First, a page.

What is a Spendthrift Provision?
If you want to leave an inheritance to a loved one who struggles to manage their finances wisely, a spendthrift provision may be a useful estate planning tool. A “spendthrift” is a person who spends money in an extravagant, irresponsible way. By adding a spendthrift provision to your estate plan, you can help ensure that you leave an inheritance to your loved ones, and not their creditors.
What is a Spendthrift Provision?
First, what is a spendthrift provision? A spendthrift provision is a clause in a trust or will that limits the estate assets that can be reached by a beneficiary or their creditors. By including this provision in a trust, you can protect the beneficiary both from creditors and any debts they may otherwise seek to acquire based on their future inheritance.
A spendthrift provision states that any creditors of a beneficiary cannot attach (meaning gain a secured interest in) the trust assets as long as the assets remain in the trust. Once the beneficiary receives a payment from the trust, the creditor can seek repayment of the debt from that issued payment.
A spendthrift provision is often paired with a staggered distribution scheme that distributes the beneficiary’s inheritance in annual installments instead of a lump sum.
How a Spendthrift Provision Helps
Here’s an example of how a spendthrift provision helps. Let’s say you have a son to whom you’d like to leave an inheritance someday. But you know that your son has made poor financial decisions in the past due to a gambling addiction. He also doesn’t handle money well in general, and you worry that if he were to receive a large portion of your estate, he would quickly waste it.
Your estate planning attorney suggests that you include a spendthrift clause in your revocable living trust. This will prevent your son’s creditors from seeking payment for his debts directly from the trustee of your trust and from attaching an interest on his future distributions.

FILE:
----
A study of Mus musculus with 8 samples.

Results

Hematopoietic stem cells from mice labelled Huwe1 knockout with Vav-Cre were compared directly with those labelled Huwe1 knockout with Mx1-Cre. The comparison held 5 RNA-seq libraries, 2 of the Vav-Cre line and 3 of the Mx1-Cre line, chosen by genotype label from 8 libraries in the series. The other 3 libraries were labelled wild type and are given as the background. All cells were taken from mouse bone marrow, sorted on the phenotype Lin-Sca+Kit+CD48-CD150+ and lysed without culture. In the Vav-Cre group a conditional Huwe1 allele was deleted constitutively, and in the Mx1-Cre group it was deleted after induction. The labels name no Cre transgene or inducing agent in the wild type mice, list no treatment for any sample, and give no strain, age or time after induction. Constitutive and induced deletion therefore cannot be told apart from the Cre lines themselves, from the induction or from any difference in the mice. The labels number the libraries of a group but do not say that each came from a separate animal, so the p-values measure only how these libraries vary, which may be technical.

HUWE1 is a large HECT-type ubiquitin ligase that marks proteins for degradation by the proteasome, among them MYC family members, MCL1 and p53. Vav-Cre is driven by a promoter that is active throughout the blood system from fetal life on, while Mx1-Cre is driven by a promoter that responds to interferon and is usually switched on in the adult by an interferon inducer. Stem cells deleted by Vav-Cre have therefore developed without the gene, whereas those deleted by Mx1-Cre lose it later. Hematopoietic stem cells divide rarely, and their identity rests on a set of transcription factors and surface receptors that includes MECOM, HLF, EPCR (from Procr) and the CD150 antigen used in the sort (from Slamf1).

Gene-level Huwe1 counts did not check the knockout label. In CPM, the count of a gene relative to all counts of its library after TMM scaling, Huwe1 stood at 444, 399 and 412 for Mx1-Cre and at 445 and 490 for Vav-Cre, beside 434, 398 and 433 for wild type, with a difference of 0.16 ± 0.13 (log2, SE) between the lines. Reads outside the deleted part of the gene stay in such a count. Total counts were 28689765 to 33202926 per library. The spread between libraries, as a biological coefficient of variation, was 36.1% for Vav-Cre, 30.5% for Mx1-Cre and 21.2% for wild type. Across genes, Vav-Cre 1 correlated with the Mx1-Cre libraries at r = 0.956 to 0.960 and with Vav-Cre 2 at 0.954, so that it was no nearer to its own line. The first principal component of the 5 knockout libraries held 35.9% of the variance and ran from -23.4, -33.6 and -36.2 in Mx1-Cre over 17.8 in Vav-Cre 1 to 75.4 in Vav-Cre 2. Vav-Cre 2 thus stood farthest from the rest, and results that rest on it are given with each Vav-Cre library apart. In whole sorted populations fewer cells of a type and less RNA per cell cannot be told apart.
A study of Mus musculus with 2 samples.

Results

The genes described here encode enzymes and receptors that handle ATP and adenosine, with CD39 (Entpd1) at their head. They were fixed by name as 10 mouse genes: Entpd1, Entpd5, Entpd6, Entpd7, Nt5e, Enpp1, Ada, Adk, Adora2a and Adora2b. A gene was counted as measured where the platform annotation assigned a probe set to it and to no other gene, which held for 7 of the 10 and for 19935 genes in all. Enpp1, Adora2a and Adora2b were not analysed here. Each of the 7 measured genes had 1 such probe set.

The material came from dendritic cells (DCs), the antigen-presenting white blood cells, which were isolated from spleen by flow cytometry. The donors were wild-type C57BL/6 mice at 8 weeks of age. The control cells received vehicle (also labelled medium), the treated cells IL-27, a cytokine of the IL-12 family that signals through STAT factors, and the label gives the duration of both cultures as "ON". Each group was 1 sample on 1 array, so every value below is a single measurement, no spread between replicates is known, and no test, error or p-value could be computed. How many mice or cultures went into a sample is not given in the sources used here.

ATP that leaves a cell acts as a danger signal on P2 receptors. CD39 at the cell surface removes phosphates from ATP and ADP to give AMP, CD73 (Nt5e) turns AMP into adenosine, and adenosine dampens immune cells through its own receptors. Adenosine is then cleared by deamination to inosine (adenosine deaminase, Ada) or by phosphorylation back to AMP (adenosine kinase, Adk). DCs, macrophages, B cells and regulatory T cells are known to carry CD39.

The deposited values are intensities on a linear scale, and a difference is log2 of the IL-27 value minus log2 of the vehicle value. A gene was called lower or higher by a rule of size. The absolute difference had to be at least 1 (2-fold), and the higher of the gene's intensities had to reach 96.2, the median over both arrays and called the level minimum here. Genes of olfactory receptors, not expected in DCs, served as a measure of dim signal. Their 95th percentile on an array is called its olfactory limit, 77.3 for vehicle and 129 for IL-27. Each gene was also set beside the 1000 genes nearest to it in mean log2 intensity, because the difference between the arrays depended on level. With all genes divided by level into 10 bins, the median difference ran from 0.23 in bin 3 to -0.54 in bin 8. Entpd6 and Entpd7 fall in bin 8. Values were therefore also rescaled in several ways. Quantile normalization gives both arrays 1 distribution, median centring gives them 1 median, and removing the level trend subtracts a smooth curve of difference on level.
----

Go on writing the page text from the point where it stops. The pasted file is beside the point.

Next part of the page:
The provision also prohibits your son from assigning his future rights to payments from the trust. That means he can’t, for example, use his future inheritance to get credit to buy a luxury vehicle.
Finally, instead of leaving your son a lump sum distribution of your estate, you decide that your son will receive annual payments from the trust until he has received his full portion of your estate.
Spendthrift Provision Drawbacks
While a spendthrift provision and a stagged distribution can be useful tools, they’re not without drawbacks. If you opt to make annual distributions to a beneficiary, that means your trust will need to remain open for a number of years. It will likewise need to be managed by a trustee for an extended period of time.
This type of prolonged trust administration creates additional work and potential stress for your chosen trustee who will need to manage the trust and deal with the financially irresponsible beneficiary for a number of years. Keep this factor in mind when choosing whether to use a spendthrift provision and when selecting your trustee.
An experienced estate planning attorney can help you draft an estate plan that incorporates a spendthrift provision. If you have any questions about whether to use a spendthrift provision in your estate plan, please feel free to contact our law firm.
Law Offices of Daniel A. Hunt
The Law Offices of Daniel A. Hunt is a California law firm specializing in Estate Planning; Trust Administration & Litigation; Probate; and Conservatorships. We've helped over 10,000 clients find peace of mind. We serve clients throughout the greater Sacramento region and the state of California.